Pigeons perform, but don't take a bow, at Jacob's Pillow

Wendy Perron and Yoshiko Chuma represent contrasting forces in that large, loose confederacy of nontraditional dancers known as postmodernism. After sure-fire opening bills featuring Pilobolus and Mark Morris, Jacob's Pillow Dance Festival ventured to commission works from these two choreographers as the third program of its eight-week summer run in the Berkshires. The risk wasn't as dramatic as it might seem. Perron and Chuma, like everyone else these days, are bent on entertaining the audience; the framing of more sober or rebellious messages holds a lower priority. If they are any more far out than, say, Morris, it's because they're not as predictable. They're not into big touring in big theaters, and they don't keep a ready repertory of safe works to perform, although Perron's funny duet with David Van Tieghem, ``Divertissement,'' with dialogue taken verbatim from domestic squabbles seeping through the floorboards in a New York apartment, has served for a year or so.

Both Perron and Chuma did what might be called production numbers - in postmodern fashion, of course. They weren't exactly ``A Chorus Line,'' but they did involve long lists of collaborators in each case. Perron's ``Arena'' featured circusy costumes in Weimar cabaret style (designed by Eduard Erlikh), and a d'ecor (credited to Vitaly Komar and Alexander Melamid) that consisted principally of a white trapeze and two dozen fantail pigeons. Chuma's ``The Man Who Never Wasn't'' featured the Lenny Pickett Orchestra in an original score by Pickett, and took place against the bare barn doors that form the back wall of the Pillow theater, augmented by black and white wing pieces painted to look like bare wood (by Thomas Burckhardt). I found the antics of Wendy Perron's avian performers more interesting than those of the dancers in ``Arena.''

Perron is a tall, beautiful woman who minimizes her fine technical training with a bland expression and a virtuosic ungainliness. She corkscrews and angles her body, scuffs her feet, flaps her hands or wraps them around herself, and avoids anything that might look like formal choreographic patterning. She and her dancers, Lisa Bush, Kumiko Kimoto, and Michael O'Rourke, do a series of turns that might have been modeled on examplary circus acts and then eroded by many rainstorms and pigeon droppings: a duet where the partners twist around each other at arms's length; a laborious set of acrobatic stunts that have no climaxes.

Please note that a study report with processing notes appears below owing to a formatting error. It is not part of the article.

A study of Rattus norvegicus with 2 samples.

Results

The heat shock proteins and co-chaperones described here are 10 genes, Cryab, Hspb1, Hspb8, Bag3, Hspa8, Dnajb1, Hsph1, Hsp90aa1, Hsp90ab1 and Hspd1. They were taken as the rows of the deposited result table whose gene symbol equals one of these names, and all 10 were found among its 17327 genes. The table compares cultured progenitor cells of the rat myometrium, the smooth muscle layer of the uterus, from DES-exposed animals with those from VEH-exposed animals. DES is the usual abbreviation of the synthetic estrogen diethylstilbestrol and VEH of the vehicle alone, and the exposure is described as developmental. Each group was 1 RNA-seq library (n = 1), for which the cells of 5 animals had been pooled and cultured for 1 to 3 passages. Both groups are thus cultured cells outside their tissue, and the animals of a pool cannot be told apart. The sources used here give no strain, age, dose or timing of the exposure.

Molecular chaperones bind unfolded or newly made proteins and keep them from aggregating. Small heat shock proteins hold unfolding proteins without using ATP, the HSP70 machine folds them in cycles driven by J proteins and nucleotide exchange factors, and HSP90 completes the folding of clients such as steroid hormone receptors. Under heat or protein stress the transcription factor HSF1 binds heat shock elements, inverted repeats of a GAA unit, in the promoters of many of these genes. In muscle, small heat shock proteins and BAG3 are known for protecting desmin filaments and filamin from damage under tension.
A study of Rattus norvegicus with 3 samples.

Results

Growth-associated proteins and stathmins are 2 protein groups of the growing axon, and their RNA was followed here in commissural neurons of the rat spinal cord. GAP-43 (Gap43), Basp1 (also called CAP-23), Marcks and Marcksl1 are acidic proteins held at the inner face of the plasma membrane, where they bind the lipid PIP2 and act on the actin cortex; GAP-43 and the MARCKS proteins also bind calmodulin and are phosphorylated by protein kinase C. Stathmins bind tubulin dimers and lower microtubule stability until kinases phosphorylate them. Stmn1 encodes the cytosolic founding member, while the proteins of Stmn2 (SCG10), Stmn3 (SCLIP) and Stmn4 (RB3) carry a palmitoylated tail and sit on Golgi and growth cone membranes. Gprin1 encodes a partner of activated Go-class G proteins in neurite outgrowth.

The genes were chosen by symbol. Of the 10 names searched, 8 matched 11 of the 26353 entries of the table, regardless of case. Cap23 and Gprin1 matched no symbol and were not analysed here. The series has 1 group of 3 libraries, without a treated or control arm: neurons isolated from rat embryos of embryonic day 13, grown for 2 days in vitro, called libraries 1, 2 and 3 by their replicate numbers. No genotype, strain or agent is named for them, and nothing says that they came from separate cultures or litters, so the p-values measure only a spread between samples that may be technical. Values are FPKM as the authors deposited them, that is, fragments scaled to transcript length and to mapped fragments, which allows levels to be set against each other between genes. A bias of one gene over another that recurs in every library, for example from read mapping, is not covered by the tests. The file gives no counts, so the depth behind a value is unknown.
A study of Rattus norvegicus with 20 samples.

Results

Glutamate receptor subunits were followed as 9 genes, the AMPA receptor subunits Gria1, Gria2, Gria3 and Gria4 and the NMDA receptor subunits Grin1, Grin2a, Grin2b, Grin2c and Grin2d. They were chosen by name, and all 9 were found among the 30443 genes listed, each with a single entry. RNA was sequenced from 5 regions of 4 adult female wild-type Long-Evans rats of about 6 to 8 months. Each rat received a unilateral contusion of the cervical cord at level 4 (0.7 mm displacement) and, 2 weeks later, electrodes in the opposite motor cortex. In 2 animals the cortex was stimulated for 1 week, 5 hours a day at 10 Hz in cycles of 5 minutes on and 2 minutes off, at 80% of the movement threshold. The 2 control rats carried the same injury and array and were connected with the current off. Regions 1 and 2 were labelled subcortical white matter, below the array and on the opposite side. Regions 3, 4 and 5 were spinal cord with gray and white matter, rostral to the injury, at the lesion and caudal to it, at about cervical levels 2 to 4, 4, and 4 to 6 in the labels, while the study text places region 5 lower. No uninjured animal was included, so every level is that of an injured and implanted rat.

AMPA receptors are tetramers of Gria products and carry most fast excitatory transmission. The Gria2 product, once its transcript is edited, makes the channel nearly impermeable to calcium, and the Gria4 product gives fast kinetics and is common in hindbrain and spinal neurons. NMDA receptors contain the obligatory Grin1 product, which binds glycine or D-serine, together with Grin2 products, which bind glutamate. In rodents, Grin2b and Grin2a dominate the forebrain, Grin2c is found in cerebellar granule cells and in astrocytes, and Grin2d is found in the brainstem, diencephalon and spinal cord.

Meanwhile, white doves, then black ones, are released from the wings and fly around the stage at will. A net curtain keeps them from descending on the audience. They cluster on the floor, sometimes watching the dancers noncommittally, sometimes scurrying after each other in courtship circles. They fly up above the stage and perch where only their tails are visible, or sit decoratively on the trapeze. At the end, when the dancers came forward for their bow, all the pigeons rushed upstage in counterpoint.

Yoshiko Chuma and the School of Hard Knocks dedicated their piece, a celebration of life, to performance artist Charles Ludlam, who died recently. Where Perron makes awkward movement to play down the beguiling effects of conventional dancing skills, Chuma's eight performers are either trained or not trained in dance and move in a variety of sometimes awkward ways, but look beguiling anyway. I think one reason is that they throw themselves fully into what they're doing, while Perron's style is to hold back and never go the limit.

While saxophonist Pickett and the band play an eclectic score that jumps around in weird fusions - Dixie/rock, atonal/gospel - the dancers splay energetically around the space. Singer Gayle Tufts supplies torchy accompaniments and wisecracking repartee. Chuma, in a black satin outfit that looks like a tutu crossed with a cocktail dress, dances a snappy solo that I think ends with her conducting the band in several grandoise cadences. Donald Fleming does a series of stretchy gestures in place while Jimmy Justice sings some words that are so drawn out you hardly remember what each one started out to be by the time it ends. Fleming times his movement patiently to coincide with it.

The piece ends with an exuberant singing-dancing chorus led by Harry Whittaker Sheppard, in which we're advised to ``Go where you want to go, do what you want to do.'' The back doors slowly slide open to reveal floodlit Berkshire woods outside, and Sheppard remains, gesturing, dancing, after everyone else has gone.